Tom Mellor’s record-breaking 1969 Triumph Trident T150
The world's fastest Triumph
Tom Mellor and his record-breaking 1969 Triumph Trident T150.
It’s not every day you see a 1950 Rolls-Royce Silver Dawn sailing along the high desert highway. And you certainly don’t expect to see one with Canadian plates towing a trailer bearing a strangely-shaped motorcycle strapped beneath a cover, Bonneville-bound.
But it was this unlikely rig that brought Tom Mellor, his wife, Diane, and their 1969 Triumph Trident T150 to the Bonneville Salt Flats last summer, where the Canadian rider set four new World Speed records on the 40th anniversary of the Trident’s first appearance in the summer of 1968.
Each September, the annual Bonneville Speed Trials feature an amazing array of eclectic machines. In a paddock dominated by Harley-Davidson, Triumph, Vincent and Suzuki-powered devices devoted to worshipping the great God of Speed, the Mellor Trident stood out at Bonneville 2008 as the loveliest-looking creation, with performance to live up to its sleek, streamlined
Running in the 750MPS-PG class (750cc Modified Production pushrod, pump fuel [gas], partially streamlined — the front wheel must be visible for 180 degrees below the axle), Tom Mellor was clocked at 180.317mph over the flying mile on the Triumph, fitted with wind-cheating bodywork he’d created himself. The following day, having removed the main front fairing to qualify for the 750MP-PG class (750cc Modified Production pushrod, pump fuel, with no bodywork, but with the rear fairing left on since it counts as being the seat), Tom and his Triumph set two more two-way records of 159.905mph for the mile and 159.916mph for the kilo — proof positive of how effective that homemade streamlining had been. Not bad for a 40-year-old 750 streetbike Tom prepared himself with the help of two British-born mates — aka The Two Bobs — in the workshop attached to his Vancouver home.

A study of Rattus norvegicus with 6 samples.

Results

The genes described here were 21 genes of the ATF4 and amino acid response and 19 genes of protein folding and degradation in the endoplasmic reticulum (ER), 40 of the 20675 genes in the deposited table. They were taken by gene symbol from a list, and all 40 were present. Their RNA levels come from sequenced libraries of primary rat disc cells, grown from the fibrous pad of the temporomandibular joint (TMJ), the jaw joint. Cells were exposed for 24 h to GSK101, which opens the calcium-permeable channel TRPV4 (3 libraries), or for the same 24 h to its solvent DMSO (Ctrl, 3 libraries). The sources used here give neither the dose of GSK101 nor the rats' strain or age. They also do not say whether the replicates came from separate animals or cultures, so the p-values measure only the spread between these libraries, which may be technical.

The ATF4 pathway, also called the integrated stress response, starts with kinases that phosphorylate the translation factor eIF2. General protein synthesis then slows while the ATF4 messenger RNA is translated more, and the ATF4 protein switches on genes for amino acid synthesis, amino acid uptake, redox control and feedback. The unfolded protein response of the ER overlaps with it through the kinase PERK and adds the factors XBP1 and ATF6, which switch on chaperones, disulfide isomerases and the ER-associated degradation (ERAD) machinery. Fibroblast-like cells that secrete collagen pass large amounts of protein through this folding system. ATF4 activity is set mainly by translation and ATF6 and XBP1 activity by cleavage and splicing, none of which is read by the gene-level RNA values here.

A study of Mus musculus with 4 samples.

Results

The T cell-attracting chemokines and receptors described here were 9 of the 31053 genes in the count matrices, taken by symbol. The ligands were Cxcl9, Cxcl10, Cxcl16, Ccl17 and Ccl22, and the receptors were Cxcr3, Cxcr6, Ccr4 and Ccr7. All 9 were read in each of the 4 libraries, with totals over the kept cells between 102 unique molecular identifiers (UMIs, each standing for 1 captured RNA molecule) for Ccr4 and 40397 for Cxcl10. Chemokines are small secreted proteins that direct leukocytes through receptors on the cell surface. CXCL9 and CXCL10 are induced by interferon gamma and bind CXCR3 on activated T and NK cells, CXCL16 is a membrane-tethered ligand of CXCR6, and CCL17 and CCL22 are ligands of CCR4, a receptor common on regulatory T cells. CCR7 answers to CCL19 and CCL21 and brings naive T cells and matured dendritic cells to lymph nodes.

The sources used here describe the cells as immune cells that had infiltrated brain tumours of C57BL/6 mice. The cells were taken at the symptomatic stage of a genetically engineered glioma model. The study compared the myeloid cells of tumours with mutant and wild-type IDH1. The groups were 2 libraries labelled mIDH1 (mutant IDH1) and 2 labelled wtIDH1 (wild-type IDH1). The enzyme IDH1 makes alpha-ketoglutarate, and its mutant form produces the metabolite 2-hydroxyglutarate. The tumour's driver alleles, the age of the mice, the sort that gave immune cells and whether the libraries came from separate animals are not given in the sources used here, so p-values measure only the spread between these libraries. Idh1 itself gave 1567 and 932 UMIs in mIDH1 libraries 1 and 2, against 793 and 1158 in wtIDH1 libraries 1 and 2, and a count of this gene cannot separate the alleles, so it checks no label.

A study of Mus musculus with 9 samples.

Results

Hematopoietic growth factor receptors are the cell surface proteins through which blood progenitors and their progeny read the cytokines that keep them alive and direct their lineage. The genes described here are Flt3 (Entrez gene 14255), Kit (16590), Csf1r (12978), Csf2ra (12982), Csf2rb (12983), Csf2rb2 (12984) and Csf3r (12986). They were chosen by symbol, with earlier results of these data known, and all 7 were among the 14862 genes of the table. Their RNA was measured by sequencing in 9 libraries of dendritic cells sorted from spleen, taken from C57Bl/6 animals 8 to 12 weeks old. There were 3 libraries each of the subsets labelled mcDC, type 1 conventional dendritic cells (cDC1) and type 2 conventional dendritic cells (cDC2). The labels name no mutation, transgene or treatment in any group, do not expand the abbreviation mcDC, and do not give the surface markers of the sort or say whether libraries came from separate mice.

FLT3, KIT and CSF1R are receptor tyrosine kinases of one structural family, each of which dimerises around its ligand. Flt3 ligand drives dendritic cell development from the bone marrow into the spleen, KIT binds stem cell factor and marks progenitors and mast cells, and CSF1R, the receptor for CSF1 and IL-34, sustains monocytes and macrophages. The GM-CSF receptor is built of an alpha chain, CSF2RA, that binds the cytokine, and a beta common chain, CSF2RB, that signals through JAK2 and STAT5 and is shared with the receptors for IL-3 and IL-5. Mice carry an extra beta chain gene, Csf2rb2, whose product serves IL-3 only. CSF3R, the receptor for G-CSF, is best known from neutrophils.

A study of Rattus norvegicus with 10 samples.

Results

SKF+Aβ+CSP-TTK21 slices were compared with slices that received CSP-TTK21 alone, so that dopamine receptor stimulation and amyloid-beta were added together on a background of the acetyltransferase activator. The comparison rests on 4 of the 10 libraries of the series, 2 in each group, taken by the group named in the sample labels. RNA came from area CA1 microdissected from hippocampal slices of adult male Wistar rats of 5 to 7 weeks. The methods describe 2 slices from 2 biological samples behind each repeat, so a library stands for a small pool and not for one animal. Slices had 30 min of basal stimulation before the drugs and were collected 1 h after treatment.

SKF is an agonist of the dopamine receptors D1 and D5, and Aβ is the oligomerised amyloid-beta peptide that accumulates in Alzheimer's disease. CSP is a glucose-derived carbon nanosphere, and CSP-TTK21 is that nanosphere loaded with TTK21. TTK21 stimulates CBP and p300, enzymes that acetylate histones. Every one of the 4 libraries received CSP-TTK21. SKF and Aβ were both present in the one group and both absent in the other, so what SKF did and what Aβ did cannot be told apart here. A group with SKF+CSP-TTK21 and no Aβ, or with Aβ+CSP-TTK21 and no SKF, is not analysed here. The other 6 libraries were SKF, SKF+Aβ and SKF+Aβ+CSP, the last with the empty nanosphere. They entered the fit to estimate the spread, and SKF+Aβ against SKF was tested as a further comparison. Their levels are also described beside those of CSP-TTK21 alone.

The nature of Tom’s former trade gives a clue as to how he came about creating the World’s Fastest Trident — well, one with pushrods, anyway. The late, great Jack Wilson, proprietor of Big D Cycle in Dallas, Texas, and the creator of the twin-cylinder Triumph-engined Texas Ceegar with which Johnny Allen broke the Land Speed Record at Bonneville back in 1956 (which in due course gave rise to the iconic Bonneville model) broke lots of records with twin-engined Triumph pushrod triples, and even set marks with single-engined bikes fitted with turbos — but even he never achieved what Tom has done with his stock, unsupercharged, 750cc Trident T150.
“I was an aircraft maintenance engineer for Canadian Pacific Airlines for 23 years, and then I had two more years with Air Canada after they took them over,” he reveals. “But I didn’t like the way they did things, so I retired. But if you hang around aircraft long enough, you get to know what’s correct aerodynamically. So when people ask me how I made the Triumph go so fast, I tell them there are lots of modern superbikes out there that aren’t even as streamlined as the Sopwith Camel — it’s old technology they all use, for some reason. We aimed to do a little better with this old girl!”